New powers will be given to the Commerce Commission allowing it to require supermarkets to hand over information regarding contracts, arrangements and land covenants which make it difficult for competing retailers to set up shop, the Government has announced.
Minister of Commerce and Consumer Affairs, David Clark said the Government and New Zealanders had been very clear that the grocery sector is not working in its current state.
“Budget 2022 delivered a cost of living payment for about 2.1 million Kiwis to help with the impact of rising prices, and fixing our supermarket sector is another action we can take,” he said.
“We’re cracking down on the anti-competitive land wars we’ve seen for years, where the supermarkets have been allowed to buy up land or dictate the terms of leases to block their competitors from getting a foothold in a neighbourhood.”
A Government committee has considered the Grocery Sector Covenants Amendment Bill, and proposed some changes which will enhance the Commerce Commission’s information gathering powers. This will be included in the debate when Parliament considers the Bill this week.
“This proposal means the Commission, as industry watchdog, has legal mandate to make sure this practice is ended quickly. It will be able to access documents relating to contracts, arrangements and covenants to ensure compliance,” Mr Clark said
“Analysis has shown supermarkets currently earn $1 million a day in excess profit, that’s coming straight from the pockets of kiwi consumers.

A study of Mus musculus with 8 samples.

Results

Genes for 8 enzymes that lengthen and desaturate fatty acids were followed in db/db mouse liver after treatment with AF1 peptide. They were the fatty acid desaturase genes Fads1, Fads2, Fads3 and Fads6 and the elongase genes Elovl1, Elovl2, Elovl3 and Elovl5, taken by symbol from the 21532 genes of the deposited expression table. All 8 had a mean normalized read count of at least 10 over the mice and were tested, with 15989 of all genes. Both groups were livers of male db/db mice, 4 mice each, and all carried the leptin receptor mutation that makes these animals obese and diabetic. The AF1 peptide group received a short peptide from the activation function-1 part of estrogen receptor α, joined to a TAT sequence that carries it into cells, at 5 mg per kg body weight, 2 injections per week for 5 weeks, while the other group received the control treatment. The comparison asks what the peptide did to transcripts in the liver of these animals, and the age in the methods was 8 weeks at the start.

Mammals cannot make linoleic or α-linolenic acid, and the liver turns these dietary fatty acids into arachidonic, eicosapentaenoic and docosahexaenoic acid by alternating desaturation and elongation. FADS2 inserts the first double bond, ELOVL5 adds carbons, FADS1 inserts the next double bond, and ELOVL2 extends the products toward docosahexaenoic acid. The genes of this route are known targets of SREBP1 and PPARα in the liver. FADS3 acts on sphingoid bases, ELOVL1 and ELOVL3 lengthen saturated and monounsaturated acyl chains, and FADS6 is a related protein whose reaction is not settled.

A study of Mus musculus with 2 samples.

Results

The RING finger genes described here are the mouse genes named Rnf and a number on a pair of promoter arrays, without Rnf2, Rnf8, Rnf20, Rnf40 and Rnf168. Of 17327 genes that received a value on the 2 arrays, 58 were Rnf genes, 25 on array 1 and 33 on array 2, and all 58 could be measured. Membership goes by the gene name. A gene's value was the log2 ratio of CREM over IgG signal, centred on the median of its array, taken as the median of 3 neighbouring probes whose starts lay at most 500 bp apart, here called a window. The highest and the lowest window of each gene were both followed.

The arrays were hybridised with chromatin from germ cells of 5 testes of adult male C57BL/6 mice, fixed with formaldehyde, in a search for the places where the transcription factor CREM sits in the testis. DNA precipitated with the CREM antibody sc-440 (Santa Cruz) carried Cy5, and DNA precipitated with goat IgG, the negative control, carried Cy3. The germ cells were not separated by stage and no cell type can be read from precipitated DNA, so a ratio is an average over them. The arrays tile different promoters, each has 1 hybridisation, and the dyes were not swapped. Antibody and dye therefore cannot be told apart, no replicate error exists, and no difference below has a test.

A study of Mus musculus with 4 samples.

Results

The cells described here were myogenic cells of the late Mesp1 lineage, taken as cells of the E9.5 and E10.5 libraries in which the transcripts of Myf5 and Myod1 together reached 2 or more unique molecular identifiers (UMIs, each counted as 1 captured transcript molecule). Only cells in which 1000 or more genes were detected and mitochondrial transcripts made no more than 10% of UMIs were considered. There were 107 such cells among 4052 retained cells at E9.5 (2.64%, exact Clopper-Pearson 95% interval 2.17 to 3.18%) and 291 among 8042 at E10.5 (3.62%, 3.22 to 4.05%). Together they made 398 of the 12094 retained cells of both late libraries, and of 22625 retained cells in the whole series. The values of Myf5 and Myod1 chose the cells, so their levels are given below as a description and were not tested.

“Limiting supermarket options for consumers severely restricts their ability to shop around for a better range of products, and of course, a better price.
“An example of restrictive covenants having an impact is found in Ponsonby in Auckland, which is only serviced by one grocery provider.”
The Minister said he had written to the Commission to relay his expectation that it makes proactive use of its monitoring powers given under the Bill, not just where it suspects there is an issue occurring.
“The supermarkets have indicated they are committed to ditching restrictive covenants and leases, which is a great step in the right direction. We, however, need to make sure this process maintains its momentum, and that restrictive covenants are relegated to the history books for good,” said Mr Clark.
“This legislation tackles one root cause of competition woes in the grocery sector, and ensures the Commerce Commission has the correct powers to help enact change.
“It also sends a signal to would-be competitors that access to suitable land, need not be a barrier anymore.
“As this Bill passes through the House, Government continues to work at pace on a regulatory backstop to ensure there is a wholesale access regime in place to support the duopoly’s would-be competitors.
“We’re also moving fast on the mandatory code of conduct, which will be heading out for public consultation in the coming weeks and the unit pricing scheme which is already out for feedback,” the Minister said.